Creative Access took a deep dive into publishing rights this January. We wanted to unveil the mystery behind the department; what is rights? How is different from editorial or sales? Is it all spreadsheets and contracts?
Who better to demystify rights than the experts at Penguin Random House. The rights team shared incredible insight with the publishing enthusiasts in our community during both in-person and virtual events and we’ve collated the best advice, top tips, and biggest lessons we took away. Our brilliant panellists included:
- Ella Darlington, Head of comms and marketing, Creative Access (c
- Chloe Traynor, CA alumni & Rights assistant, PRH
- Maeve Banham, Senior rights manager Children’s, PRH
- Monique Corless, Head of translation Adult, PRH
- Jonathan Herbert, Rights executive Adult, PRH
- Claudia Mair, Senior recruitment business partner, PRH
What ‘rights’ in publishing means (Clue: It’s selling books but abroad)
“Rights is getting the brilliant books that Penguin Random House UK makes into as many languages and markets around the world as possible.”
We learnt that the word ‘rights’ might be misleading: it’s not as contracts-based as it sounds. The rights team sell the rights of a book to foreign publishers around the world so they can sell their own editions in those languages. It’s their job to maximise the success of a book outside of the UK, which means a lot of collaboration with other departments, a lot of sales and a lot of travel too!
Those working in rights will have set ‘markets’ or ‘territories’ that they are responsible for researching and knowing. For example, one of our panellists sells in France, the Netherlands, Portugal and Brazil. And it’s not only selling the rights for books to be translated, as some team members sell books to feature in newspapers and magazines.
As for responsibilities, the deal-making is largely made by territory managers and executives. As for those at an entry to junior level, we heard from rights assistant Chloe that it’s a cool job where you can see a deal right through to the physical product. You could be sorting out the production elements, the delivery, the shipping, the approvals, and all the general and vital administration.
There’s a lot of perks and adventures
There are so many exciting areas that publishing rights involves day to day; working on translations, publicity, pitching books to publishers, negotiating offers, and helping plan events like book festivals.
But they don’t just sell the rights after a book has been published. The rights team are there right from the start of a book’s journey, particularly with the editorial team.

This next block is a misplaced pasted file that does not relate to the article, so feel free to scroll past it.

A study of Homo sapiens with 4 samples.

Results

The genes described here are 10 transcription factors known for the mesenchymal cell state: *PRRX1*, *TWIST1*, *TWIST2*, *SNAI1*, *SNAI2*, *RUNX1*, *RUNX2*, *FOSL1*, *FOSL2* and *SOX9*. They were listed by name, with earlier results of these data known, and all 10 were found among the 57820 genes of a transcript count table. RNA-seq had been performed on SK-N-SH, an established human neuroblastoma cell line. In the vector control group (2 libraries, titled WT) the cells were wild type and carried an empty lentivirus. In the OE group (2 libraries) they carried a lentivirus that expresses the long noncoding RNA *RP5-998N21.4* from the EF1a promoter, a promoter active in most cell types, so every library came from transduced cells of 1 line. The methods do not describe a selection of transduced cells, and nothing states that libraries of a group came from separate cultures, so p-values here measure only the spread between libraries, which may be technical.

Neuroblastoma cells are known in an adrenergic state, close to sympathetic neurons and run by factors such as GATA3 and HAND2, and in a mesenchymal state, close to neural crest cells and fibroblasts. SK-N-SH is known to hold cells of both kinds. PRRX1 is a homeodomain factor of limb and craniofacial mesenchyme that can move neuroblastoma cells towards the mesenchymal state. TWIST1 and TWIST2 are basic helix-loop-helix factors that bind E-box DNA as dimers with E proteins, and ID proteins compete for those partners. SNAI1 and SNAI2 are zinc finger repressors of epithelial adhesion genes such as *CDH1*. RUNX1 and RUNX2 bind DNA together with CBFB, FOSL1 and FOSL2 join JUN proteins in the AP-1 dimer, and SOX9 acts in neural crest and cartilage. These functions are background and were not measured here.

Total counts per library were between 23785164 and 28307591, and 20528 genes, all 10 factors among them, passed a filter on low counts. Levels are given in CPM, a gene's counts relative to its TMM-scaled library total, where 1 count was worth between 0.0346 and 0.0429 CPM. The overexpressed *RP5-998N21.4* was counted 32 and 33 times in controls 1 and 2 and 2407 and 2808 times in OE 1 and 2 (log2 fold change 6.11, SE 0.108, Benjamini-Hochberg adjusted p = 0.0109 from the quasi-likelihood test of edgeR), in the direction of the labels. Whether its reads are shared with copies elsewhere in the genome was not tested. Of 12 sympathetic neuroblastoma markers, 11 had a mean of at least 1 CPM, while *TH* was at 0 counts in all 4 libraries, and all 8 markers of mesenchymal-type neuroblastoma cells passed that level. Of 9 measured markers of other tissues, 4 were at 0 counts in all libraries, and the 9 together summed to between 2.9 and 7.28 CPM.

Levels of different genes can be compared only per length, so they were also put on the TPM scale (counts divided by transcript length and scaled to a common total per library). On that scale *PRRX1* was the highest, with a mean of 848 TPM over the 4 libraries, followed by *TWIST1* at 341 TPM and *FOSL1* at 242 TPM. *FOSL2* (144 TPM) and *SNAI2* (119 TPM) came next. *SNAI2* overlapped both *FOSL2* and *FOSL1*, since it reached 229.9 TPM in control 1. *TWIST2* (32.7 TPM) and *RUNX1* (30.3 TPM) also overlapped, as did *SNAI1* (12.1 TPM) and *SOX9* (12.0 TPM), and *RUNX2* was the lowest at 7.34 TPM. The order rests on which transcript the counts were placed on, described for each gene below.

“Editors bring proposals to us for acquiring the book and publishing it. We will read alongside and assess the books potential for international, then we think where would that book sell? In which country? Who would read it?”
How to excel in an interview (Clue: You don’t need an MA in publishing)
All the panellists spoke passionately about collaboration, communication and teamwork as key components when working in rights. Our main takeaways were to evidence in these qualities in your CV, cover letter and interview, and to express genuine curiosity and knowledge of rights.
The team acknowledged that doing an MA is publishing is expensive and emphasised that it’s not important for them when looking at a CV; they want to see that you’re hands-on, take initiative and are interested in rights.
Chloe had a lot of great advice for applicants, having been in their shoes only a year and a half ago. She said that since working in the industry she’s realised that no one feels like they’re too important to have a conversation with you, so reach out to professionals in the industry and make connections. Other tips included demonstrating passion through whatever experience you have, whether that be through TikToks or retail experience for a bookseller.
“If you see opportunities to reach out to someone already in the industry like the Creative Access x Penguin Random House mentoring scheme, do it. The things I learned are what geared my application to become successful.”
Myths about publishing rights…
‘You need to have studied a language or literature degree.’ You don’t! In fact, PRH is very open to hearing from candidates who haven’t been to university.
‘You need to have an MA in publishing.’ Nope, read above.
‘A successful book in the UK will definitely be success internationally.’ The rights team must consider whether they can launch the author internationally and what hurdles they might face. At times they are battling the strength of the English language when trying to sell the rights to translate.
Everyone’s journey is their own
We at Creative Access know publishing is a sought-after industry and it can take a while before you land a role. Our panellists had experienced setbacks, career breaks and industry switches before getting their foot in the door. They agreed that you can’t compare your journey to anyone else’s, and perseverance is key.
Thank you so much to everyone that attended these events and to our amazing panel from Penguin Random House!